At approximately 1:45 am on August 6, 1997, Korean Airlines Flight 801 approached A.B. Won Pat International Airport in Agaña, Guam, en route from Seoul, South Korea. The Boeing 747-300 aircraft crashed in a jungle section of Nimitz Hill. The damaged fuselage caught fire and sparked an explosion. Of the 254 passengers and flight crew on board the aircraft, 228 perished.

The island’s remoteness from other U.S. territories made it inevitable that its National Guard would have to respond to a disaster of this size. Governor Carl T.C. Gutierrez called upon nearly 500 National Guard Soldiers and Airmen to support rescue and recovery operations. Operations at the crash site, already difficult due to the steep slope of the hillside and thick sword grass, were further complicated by a ruptured gas line and the large size of the debris field, as KAL 801 had broken up into multiple sections.

The Guam Territorial Area Command, the 1st Battalion, 294th Infantry, the 1224th Engineer Detachment, and the 254th Service Flight provided security, communication support, recovery and care of casualty and trauma victims, and much-needed crowd control. Guam’s National Guard did a highly commendable job in supporting territorial civil authorities in what was Guam’s worst aviation disaster.

Governor Gutierrez commended the Soldiers and Airmen of the Guam National Guard. “I saw the real heroes,” he said, “the National Guard … the fire and police, and the other rescue workers who do this type of work on a daily basis. They are truly the heroes…”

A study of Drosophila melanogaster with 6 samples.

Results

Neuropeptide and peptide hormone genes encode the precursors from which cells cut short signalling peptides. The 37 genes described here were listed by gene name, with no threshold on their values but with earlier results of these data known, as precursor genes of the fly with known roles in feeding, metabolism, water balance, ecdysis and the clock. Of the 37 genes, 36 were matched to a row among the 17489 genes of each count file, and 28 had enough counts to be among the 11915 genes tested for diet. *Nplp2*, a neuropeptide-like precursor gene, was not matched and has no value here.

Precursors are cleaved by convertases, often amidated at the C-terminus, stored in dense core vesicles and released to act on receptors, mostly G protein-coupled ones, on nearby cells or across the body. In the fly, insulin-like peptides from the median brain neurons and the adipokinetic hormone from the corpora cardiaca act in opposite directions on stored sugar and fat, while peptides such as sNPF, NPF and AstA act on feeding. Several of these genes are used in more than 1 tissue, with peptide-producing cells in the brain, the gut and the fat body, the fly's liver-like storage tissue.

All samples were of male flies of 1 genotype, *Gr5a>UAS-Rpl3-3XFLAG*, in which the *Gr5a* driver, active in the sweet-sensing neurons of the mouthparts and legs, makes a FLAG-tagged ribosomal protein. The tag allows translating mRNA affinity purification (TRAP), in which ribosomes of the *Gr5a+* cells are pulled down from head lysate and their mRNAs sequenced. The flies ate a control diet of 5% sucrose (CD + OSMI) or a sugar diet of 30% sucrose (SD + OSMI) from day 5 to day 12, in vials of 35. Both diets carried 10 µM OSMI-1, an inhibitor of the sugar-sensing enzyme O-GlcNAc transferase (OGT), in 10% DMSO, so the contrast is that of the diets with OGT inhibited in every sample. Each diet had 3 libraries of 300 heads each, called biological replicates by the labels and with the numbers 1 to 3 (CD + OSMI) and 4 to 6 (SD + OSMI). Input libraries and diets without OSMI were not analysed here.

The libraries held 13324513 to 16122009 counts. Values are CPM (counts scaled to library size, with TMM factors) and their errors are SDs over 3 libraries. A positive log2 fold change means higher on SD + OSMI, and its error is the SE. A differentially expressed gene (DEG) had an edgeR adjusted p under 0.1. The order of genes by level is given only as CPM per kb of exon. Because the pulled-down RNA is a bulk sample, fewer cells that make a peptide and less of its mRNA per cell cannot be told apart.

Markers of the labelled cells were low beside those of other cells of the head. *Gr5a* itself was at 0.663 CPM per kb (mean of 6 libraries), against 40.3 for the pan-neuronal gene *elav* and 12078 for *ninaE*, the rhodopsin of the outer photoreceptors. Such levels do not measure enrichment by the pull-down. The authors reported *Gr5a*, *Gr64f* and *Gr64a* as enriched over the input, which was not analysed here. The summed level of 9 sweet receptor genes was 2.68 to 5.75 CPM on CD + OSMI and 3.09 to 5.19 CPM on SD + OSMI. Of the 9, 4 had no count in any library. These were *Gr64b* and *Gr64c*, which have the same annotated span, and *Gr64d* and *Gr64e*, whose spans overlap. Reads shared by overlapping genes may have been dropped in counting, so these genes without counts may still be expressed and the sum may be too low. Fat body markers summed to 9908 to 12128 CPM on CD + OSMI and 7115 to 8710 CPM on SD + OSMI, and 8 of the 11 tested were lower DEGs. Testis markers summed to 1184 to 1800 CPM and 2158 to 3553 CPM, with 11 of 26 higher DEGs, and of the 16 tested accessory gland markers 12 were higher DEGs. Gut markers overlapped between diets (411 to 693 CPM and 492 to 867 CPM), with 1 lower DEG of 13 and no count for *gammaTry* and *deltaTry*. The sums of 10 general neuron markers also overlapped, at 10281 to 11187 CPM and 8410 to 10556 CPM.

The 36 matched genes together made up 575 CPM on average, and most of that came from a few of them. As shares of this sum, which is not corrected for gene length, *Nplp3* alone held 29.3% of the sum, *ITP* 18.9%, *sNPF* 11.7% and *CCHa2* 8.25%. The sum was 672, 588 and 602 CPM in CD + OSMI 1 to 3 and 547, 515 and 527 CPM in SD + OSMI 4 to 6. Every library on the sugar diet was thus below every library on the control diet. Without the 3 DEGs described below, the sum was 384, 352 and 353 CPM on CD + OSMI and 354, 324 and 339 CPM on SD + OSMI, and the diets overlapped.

The Guam National Guard’s support to the recovery of KAL 801, its first territorial mission since being organized in 1981, demonstrated its professionalism as a military force. The readiness and dedication of this force is underscored by the motto of the Guam Army National Guard: “A’ Adahen I tano,” which translates from the native Chamorro language as “Guardians of the Land.”

Copyright Notice

Images of these paintings may also be used for educational purposes with an appropriate permission statement, such as: "[name of painting], a National Guard Heritage Painting by [name of artist], courtesy the National Guard Bureau." The U.S. Government retains all copyrights to these paintings. No commercial use is authorized without prior approval.